Streaming giant Netflix (NFLX 0.23%) just opened up its profile-moving features. You already knew it was coming, and you knew exactly why. Now all the details are out in the open, and you can take this idea for a spin right now.

Let me show you a couple of details about this feature that weren't obvious before, and what these quirks might mean for Netflix and its shareholders.

What's the big idea?

The profile transfer element was first introduced to a subset of Netflix subscribers in March 2022. Customers in Peru, Costa Rica, and Chile saw this feature arrive alongside an experimental password-sharing crackdown.

It was always obvious that the ability to move profile details from one account to another was meant to support the creation of brand-new subscriptions. You don't want to lose as much as a decade's worth of video-streaming viewing history, tweaked account settings, and other Netflix-specific data just because your living situation changed and you need to set up a new Netflix account. Simply copying that data from one account to another should smooth out that transition, removing one potential speed bump on the road to an independent Netflix subscription.

Some unexpected oddities

The profile transfer is impressively complete. It goes beyond the basic user information, viewing history, thumbs-up and thumbs-down ratings, and the "My List" collection of bookmarked titles. You also get to keep preferences such as subtitle and autoplay settings, not to mention saved games for Netflix's small but growing collection of mobile gaming titles.

The information is not exactly moved. Instead, you copy it from an existing Netflix account to start a new one, and the original data also stays available to the original account. To complete a true transfer, you have to also delete the first account's instance of that profile.

I'm surprised to see that you can't pass the data over from one existing account to another. For example, imagine that two people with their own Netflix accounts meet, fall in love, and move in together. One of them is destined to lose their viewing history, etc. They could pay Netflix for two accounts in the same household, but that would create headaches with logging in and out of different accounts on the living room TV. That's a weird choice for a pretty common use case.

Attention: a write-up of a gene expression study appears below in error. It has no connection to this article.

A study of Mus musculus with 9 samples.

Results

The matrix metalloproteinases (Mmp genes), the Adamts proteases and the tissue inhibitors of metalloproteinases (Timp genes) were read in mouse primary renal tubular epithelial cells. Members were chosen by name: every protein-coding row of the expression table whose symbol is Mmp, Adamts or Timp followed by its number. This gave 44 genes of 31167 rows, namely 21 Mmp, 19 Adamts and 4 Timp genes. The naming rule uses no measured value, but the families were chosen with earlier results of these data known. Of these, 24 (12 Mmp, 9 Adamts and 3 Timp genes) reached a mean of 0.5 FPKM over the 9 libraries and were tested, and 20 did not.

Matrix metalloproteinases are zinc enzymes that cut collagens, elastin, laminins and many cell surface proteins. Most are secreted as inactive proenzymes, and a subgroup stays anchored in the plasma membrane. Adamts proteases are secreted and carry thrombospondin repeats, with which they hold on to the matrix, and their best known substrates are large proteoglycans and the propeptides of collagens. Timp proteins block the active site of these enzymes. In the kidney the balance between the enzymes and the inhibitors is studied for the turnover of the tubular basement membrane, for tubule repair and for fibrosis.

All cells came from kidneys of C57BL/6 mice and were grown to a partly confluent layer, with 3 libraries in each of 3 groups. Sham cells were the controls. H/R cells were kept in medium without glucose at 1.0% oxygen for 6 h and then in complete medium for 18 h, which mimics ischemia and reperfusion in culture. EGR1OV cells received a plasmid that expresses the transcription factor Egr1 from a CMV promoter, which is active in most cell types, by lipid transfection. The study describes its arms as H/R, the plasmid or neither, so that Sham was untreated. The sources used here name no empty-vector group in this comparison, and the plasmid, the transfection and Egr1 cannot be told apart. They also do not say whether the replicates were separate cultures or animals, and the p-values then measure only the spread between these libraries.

Netflix won't let you copy some accounts. Specifically, age-restricted Kid profiles and PIN-protected profiles are a no-go. The immovable nature of Kid profiles makes sense since you have to start a new account during the transfer. PIN-shielded accounts can still do it, but only after removing the extra privacy that the second-level PIN login offers.

Here, Netflix is doing its level best to respect the enhanced privacy of PIN-protected accounts. The fact that you can't just push a single button to bypass that protection suggests that the company doesn't let other processes access privacy-boosted profiles -- even if the request came from the same account. Whether or not it's technically possible to skip the PIN safeguard for the sake of convenience, Netflix erred on the side of higher security. That's a good choice.

Netflix logo on a stone wall.

Image source: Netflix.

One final twist (and it's an important one)

Finally, you have to turn on the profile-moving feature before you can access it -- the new feature starts out in a disabled state for each account. And there's one more eccentric detail on the table. The profile-sharing status won't stay on forever. Instead, Netflix says that it will be turned off after two years.

That's more than enough to transfer a few profiles out of your account without having to go through the initial steps more than once. On the other hand, anything less than a permanent on switch makes me think that Netflix doesn't want users to keep this feature enabled all the time. This could be a subtle push to encourage them to pay for "extra members" under one master account instead of pushing them out to completely separate subscriptions.

I'm jumping to the conclusion (it's good fun and great for your cardiovascular health!) that Netflix expects extra members to be a more effective revenue stream than the ad-supported entry-level plan for cost-sensitive members.

Maybe that's just wishful thinking since I'm not thrilled about Netflix's upcoming adventures in advertising. Regardless, the specifics of this profile-sharing feature are not written in stone and Netflix will probably tweak them as needed over time. Investors should keep an eye on this.

Any change that makes transferred profiles better, faster, or easier is arguably a vote of confidence in those newfangled low-end accounts. Moves in the opposite direction -- or no changes at all -- would suggest that extra members are more desirable.

So now it's time to wait and see where Netflix is going with these ideas. Extra butter on my popcorn, please. This will be interesting.